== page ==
Trying to tune antennas / 2016-03-31 - Koos van den Hout

2016-03-31 10 months ago
Besides the antennas for HF frequencies I also have an antenna tuner.

For my readers who aren't busy with radio: the combination of a transmitter and an antenna works best when the antenna acts as a resistor at the value the transmitter expects. In amateur radio most transmitters expect 50 ohms loads. But, the antenna only does that at the frequencies it is resonant on, on other frequencies it will act more like a coil or a capacitor and reflect power back to the radio. This is where an antenna tuner comes in which tries to adjust the antenna using coils and capacitors to match what the radio expects. The downside is you lose power in the tuner and the antenna itself is still not working at its optimum. But an antenna somewhat working is better than no working antenna at all.

So I am trying to use the antenna tuner to be able to transmit on frequencies other than the ones the antennas are made for. Sofar the results are for the 10/20/40m endfed antenna I built at the radio club:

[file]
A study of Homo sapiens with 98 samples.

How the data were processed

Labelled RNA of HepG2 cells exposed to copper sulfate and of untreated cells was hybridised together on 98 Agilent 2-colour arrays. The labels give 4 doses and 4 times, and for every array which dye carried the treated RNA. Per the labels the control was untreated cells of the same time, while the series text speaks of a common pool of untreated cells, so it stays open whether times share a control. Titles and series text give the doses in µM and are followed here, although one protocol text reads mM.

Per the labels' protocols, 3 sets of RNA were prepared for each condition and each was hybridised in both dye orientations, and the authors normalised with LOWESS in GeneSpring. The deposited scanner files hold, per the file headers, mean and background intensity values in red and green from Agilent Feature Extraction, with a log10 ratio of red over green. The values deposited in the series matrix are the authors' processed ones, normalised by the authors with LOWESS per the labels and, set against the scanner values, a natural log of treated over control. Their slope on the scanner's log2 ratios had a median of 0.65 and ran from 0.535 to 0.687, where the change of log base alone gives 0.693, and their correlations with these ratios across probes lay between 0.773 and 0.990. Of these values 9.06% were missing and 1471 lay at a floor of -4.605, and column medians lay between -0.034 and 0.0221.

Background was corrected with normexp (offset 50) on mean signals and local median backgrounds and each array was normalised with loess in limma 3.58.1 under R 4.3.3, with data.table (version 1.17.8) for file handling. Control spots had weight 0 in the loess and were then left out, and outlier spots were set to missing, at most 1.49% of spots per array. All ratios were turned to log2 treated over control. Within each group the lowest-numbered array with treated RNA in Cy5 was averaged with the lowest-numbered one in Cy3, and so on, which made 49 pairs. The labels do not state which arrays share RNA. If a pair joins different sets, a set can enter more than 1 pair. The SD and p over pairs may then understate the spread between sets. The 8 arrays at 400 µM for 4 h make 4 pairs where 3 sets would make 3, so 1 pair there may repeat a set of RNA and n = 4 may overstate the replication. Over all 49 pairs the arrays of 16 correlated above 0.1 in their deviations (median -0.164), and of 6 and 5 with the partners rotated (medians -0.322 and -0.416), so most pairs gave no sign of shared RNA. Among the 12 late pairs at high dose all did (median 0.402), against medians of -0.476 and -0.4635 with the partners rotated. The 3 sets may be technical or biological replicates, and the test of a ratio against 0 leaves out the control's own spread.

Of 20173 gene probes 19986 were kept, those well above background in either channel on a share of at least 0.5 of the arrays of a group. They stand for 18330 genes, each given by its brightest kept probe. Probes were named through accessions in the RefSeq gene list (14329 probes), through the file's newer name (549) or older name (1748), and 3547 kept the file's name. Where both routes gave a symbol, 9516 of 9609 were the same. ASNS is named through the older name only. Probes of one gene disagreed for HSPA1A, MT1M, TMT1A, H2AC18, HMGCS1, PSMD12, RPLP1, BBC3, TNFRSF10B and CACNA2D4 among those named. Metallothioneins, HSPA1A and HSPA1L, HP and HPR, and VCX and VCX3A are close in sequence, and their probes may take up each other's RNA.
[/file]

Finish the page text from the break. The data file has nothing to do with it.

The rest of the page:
• 10 meter: native frequency
  • 12 meter: the tuner can fix it
  • 15 meter: the tuner can fix it but the returning signal is so large the radio starts acting weird
  • 17 meter: the tuner can fix it
  • 20 meter: native frequency
  • 30 meter: the tuner can fix it and I made contacts on that band
  • 40 meter: native frequency
And for the LW-10 antenna I bought last year hanging outside the attic window:
  • 6 meter: the tuner fixes it
  • 10 meter: works
  • 12 meter: fails to tune
  • 15 meter: fails to tune
  • 17 meter: the tuner can fix it but USB devices around my PC crash or misbehave
  • 20 meter: works
  • 30 meter: barely tunes
  • 40 meter: works
The antennas were both not to far from the ground and from the house so this can influence their behaviour.

The manual for the LW-10 antenna suggests that using its earth connection to earth it at the transformer box helps against noise. Adding a simple earth connection does not help tuning at 30 meter but it seems to reduce the returning RF problem at 17 meters.

Update: This article When is an Antenna Tuner not an Antenna Tuner? - DX Engineering has a better explanation of what the 'Antenna Tuner' does and why it should be called a 'transmitter matcher'.